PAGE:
Parliament Palace (Palatul Parlamentului)

The Palace of Parliament it is the world's second-largest office building in surface (after the Pentagon) and the third largest in volume (after Cape Canaveral in the U.S. and the Great Pyramid in Egypt). The crystal chandelier in the Human Rights Hall (Sala Drepturilor Omului) weighs 2.5 tons. Some of the chandeliers have as many as 7,000 light bulbs.

Built by Communist Party leader, Nicolae Ceausescu, the colossal Parliament Palace (formerly known as the People's Palace) is the second largest administrative building in the world after the Pentagon. It took 20,000 workers and 700 architects to build. The palace boasts 12 stories, 1,100 rooms, a 328-ft-long lobby and four underground levels, including an enormous nuclear bunker.

When construction started in 1984, the dictator intended it to be the headquarters of his government. Today, it houses Romania's Parliament and serves as an international conference centre. Built and furnished exclusively with Romanian materials, the building reflects the work of the country's best artisans.

A guided tour takes visitors through a small section of dazzling rooms, huge halls and quarters used by the Senate (when not in session). The interior is a luxurious display of crystal chandeliers, mosaics, oak paneling, marble, gold leaf, stained-glass windows and floors covered in rich carpets.

Victoria Palace (Palatul Victoria)

Victoria Palace (Romanian: Palatul Victoria) is a palace in Victory Square, Bucharest, built in 1937, which is the headquarters of the Prime Minister of Romania and his cabinet. The palace was built under the supervision of Duiliu Marcu (1885-1966), student of the Bucharest Superior School of Architecture (1906) and of Paris Ecole de Beaux - Arts (diplomat in 1912). The monolithic structure materializes an austere expression of the neoclassical style.

The building, which overtops the Victory Square (Piata Victoriei), suffered heavy damages during the second world war, which is why it underwent significant restoration works (1944-1952).

Initially designed to be headquarters of the Foreign Ministry, Victoria Palace was the headquarters of Foreign Ministry and Council of Ministers during the Communist period and became, in 1990, headquarters of the first government of post-communist Romania.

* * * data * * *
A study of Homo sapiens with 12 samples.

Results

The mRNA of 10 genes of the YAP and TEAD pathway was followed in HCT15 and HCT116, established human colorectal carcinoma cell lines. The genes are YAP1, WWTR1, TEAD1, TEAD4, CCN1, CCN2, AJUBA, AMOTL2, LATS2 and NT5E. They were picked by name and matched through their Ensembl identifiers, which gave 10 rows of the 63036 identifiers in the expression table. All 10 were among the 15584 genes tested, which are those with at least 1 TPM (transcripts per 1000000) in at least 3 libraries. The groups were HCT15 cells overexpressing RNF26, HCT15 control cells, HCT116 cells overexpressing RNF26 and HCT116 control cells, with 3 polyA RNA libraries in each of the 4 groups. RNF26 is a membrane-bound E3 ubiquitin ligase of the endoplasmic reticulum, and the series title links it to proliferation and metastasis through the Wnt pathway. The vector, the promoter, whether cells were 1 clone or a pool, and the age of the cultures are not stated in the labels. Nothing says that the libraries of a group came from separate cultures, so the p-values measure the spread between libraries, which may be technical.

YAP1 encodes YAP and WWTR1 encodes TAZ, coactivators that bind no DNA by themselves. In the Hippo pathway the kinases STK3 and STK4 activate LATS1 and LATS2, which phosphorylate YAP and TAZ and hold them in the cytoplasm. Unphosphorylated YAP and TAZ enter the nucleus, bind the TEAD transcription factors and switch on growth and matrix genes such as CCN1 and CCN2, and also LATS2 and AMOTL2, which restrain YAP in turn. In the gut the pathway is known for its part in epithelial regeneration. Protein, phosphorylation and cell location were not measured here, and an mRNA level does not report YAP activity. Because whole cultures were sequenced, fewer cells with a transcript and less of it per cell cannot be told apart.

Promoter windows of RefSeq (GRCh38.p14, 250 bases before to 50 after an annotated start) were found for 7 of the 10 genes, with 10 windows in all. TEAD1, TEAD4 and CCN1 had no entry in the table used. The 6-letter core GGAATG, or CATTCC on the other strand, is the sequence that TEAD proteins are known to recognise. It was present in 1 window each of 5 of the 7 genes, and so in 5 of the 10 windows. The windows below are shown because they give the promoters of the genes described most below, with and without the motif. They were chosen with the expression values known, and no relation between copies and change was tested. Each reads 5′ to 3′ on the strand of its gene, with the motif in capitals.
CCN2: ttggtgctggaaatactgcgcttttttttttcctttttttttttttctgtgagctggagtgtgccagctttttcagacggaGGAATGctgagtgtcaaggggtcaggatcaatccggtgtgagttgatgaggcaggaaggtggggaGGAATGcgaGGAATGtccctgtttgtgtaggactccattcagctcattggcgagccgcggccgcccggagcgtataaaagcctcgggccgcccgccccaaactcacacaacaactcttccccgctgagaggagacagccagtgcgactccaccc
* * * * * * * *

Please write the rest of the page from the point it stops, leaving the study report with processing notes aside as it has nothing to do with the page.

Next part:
The palace was declared a historical monument in 2004.

House of the Free Press (Casa Presei Libere)

The House of the Free Press (Casa Presei Libere), formerly called Casa Scanteii, is one of the landmarks in northern Bucharest, the tallest in the city between 1956 and 2007.

The edifice was built during the regime (between 1952 and 1957) and served as headquarters of the party’s publication (Scanteia) being, thus, by design, an institution completely subject to the communist authorities. In reaction to this juncture, subsequently to the 1989 Revolution, the name of the building was changed into the House of the Free Press.

The building combines elements promoted by the Russian Soviet architecture with details typical of the religious architecture cultivated in Wallachia and Moldavia. Just like most of the megastructures erected during the communist regime, the building strikes by its dimensions. The horizontal coordinate of the edifice exceeds its vertical line, and the difference is so considerable, that the aesthetic impact can hardly be overlooked.It has a foundation with an area of 280x260m, the total constructed surface is 32,000 m2 and it has a volume of 735,000 m³. Its height is 91.6 m without the television antenna, which measures an additional 12.4 m, bringing the total height to 104 m.

At present the building is used to purposes similar to the ones served until 1989 (newsrooms and printing presses).

The Royal Palace (Palatul Regal)

Erected between 1927 and 1937 in neoclassical style, the palace was home to King Carol II and to his son, King Mihai I, until 1947, when the monarchy was abolished in Romania. It was inside the halls of this palace that King Mihai, aged 18, led a coup that displaced the pro-Nazi government during the World War II and put Romania on the Allies' side. Today, the former Royal palace houses the Romanian National Art Museum.

The Romanian Athenaeum (Ateneul Roman)

The work of French architect Albert Galleron, who also designed the National Bank of Romania, the Athenaeum was completed in 1888, financed almost entirely with money donated by the general public. One of the preeminent public fundraising campaigns ever in Romania, the "Give a penny for the Athenaeum" campaign saved the project after the original patrons ran out of funds. With its high dome and Doric columns, the Athenaeum resembles an ancient temple.

The lobby has a beautifully painted ceiling decorated in gold leaf, while curved balconies cascade in ringlets off a spiral staircase. A ring of pink marble columns is linked by flowing arches where elaborate brass lanterns hang like gems from a necklace. Inside the concert hall, voluptuous frescoes cover the ceiling and walls. Renowned worldwide for its outstanding acoustics, it is Bucharest's most prestigious concert hall and home of the Romanian George Enescu Philharmonic.